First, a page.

Volunteer in Peru | Volunteering Abroad in PeruWhat if you could practice your Spanish, enjoy a fabulous adventure, enhance your resume, earn academic credit (depending on the program), and contribute your time and skills to an important cause? We imagine you’d say ‘yes!’ This is the opportunity a Peru volunteer abroad program may provide. Read on for more Volunteer in Peru programs information. 

Peru is located in South America along the western coast of the continent. It’s next to Ecuador, Colombia, Brazil, Bolivia, and Chile. Its official languages are Spanish, Quechua, and Aymara, and its culture is influenced by its Spanish and native American roots. Its geography is quite diverse with arid plains, expansive mountains, and the Amazon rainforest. It also has a long coastline that hugs the Pacific Ocean. The country’s beauty, biodiversity, and intriguing culture may make it a wonderful place to volunteer abroad. If you want to spend time in South America, why not volunteer abroad in Peru?    

Why Consider Volunteering in Peru?

Whether you volunteer in a medical clinic, a school, an orphanage, a conservation facility, or another of Peru’s many non-profit or non-governmental organizations, you’ll likely enjoy a life-enhancing experience. Working alongside locals could help you gain a better sense of life in Peru and you may learn some about your colleagues’ families and experiences in the country. Depending on your program, you may also engage in a language-intensive program, take tours with your colleagues, or take classes to enhance your volunteering experience. Any of these options could add breadth and depth to your experience. Even if you opt to solely volunteer abroad in Peru, you’ll likely always keep a piece of the country nestled in your mind and heart. 

What Might It Be Like to Live in Peru While I Volunteer Abroad?

While you’re volunteering in Peru, you’ll also be living there! This means that you’ll likely get to submerse yourself in Peruvian culture. Where you live and volunteer in Peru (in Lima, a large metropolitan city or Cusco, a smaller town in the mountains, for example) will influence your experience, but there are some things you’ll likely experience no matter where you are located. For example: 

Peruvian culture: Perhaps consistent with its biodiversity, Peru’s culture is diverse. Peruvian societies are metropolitan, modern, rustic, agricultural, and everything in between. The country’s Spanish heritage mixes with its native heritage, and its culture’s many nuances are expressed through Peruvian song, dance, and artistry. Handicrafts are beloved in Peruvian culture, as are its alpacas and llamas, many of whom give their wool to Peruvian artistry. Peru is a country that values its history, rituals, and traditions and celebrates many of them through ceremonies, rituals, festivals, and museums.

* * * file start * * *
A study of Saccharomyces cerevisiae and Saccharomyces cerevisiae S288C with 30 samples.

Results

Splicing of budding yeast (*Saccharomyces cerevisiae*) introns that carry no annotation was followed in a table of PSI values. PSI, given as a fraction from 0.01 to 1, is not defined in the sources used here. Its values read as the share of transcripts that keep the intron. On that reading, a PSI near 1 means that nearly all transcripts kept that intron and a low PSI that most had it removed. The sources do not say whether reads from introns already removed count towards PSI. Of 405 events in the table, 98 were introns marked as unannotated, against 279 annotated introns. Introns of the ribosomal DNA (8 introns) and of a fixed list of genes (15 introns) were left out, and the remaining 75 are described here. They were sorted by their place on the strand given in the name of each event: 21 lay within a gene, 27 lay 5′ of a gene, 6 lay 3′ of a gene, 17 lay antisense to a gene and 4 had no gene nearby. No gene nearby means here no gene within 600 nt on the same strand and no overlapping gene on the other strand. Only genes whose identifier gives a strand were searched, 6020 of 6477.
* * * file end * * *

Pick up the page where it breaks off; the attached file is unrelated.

Peruvian cuisine: As a hardworking volunteer, you’ll need to eat! Luckily, Peruvian cuisine has you covered. Some of the country’s staple foods include quinoa, beans, corn, and potatoes (of which there are more than 25000 varieties! Check out the potato section at a market.) A popular seasoning is the yellow chili pepper (called aji), and you’ll find it atop dishes, mixed into sauces, and even served in drinks. Causa, a cold casserole traditionally layered with avocado and potatoes and sometimes intertwined with tuna, meat, or hard-boiled eggs (and then sliced and sometimes cut into fun shapes!) is another Peruvian favorite. Meat-lovers might enjoy lomo saltado (stir-fry made with beef, vegetables, and soy sauce and served over rice), antichuchos (skewers of grilled meat), rocoto relleno (a large, hot pepper cut in half and served with seasoned ground beef and melted cheese), and cuy (roasted or baked guinea pig—yes, guinea pigs!). And the pièce de résistance in Peru, at least in its coastal areas, is ceviche. Ceviche consists of raw fish “cooked” by the citrus in limes and, commonly, onions, peppers, and cilantro. In Peru, it’s often served alongside cooked sweet potato and choclo, or giant pieces of corn. If you’re thirsty in Peru, try an Inca Cola, a chichi morada, or, if you’re old enough to drink, the Pisco Sour.  

These are just some of the many culinary delights of Peru. If you want to volunteer abroad, Peru may offer a wonderful opportunity to eat your way through the experience!

Peruvian Landmarks

There are also some amazing places you might consider visiting while you’re volunteering in Peru. For example, why not visit:

  • Machu Picchu: Perhaps one of Peru’s most beloved sights. Machu Picchu is a breathtaking 15th century Incan city in the heart of the Andes. Consider taking a guided trek to Machu Picchu or climbing Huayna Picchu once inside.
  • The Peruvian Amazon Basin: Hike through the rainforest, enjoy rustic lodging along Sandoval Lake, and keep your eyes open for wildlife!
  • The sand dunes in Huacuacina. Consider sandboarding or hopping a ride on a dune buggy.
  • Cusco: Spend some time in its plazas and exploring its colorful and vibrant market. Eat some good food, meet some great people, and chew on coca leaves to stave off altitude sickness.
  • Lima: Visit the magic water circuit at the Parque de la Reserva, the cat park in Mira Flores, and Mercado Surquillo No. 1.

I’m Ready to Volunteer in Peru. Now What?

We’ve put together a list of programs that offer a range of opportunities to volunteer abroad in Peru. Simply browse through the programs and click on “Learn More” to view details. When you find a program you love, submit a form to request more information and to learn how to register. Alternatively, you can click on the program’s name from the homepage to go to the program’s website. Why not give yourself (and Peru) the gift of volunteering abroad? Your opportunity to contribute and enjoy a fantastic adventure awaits.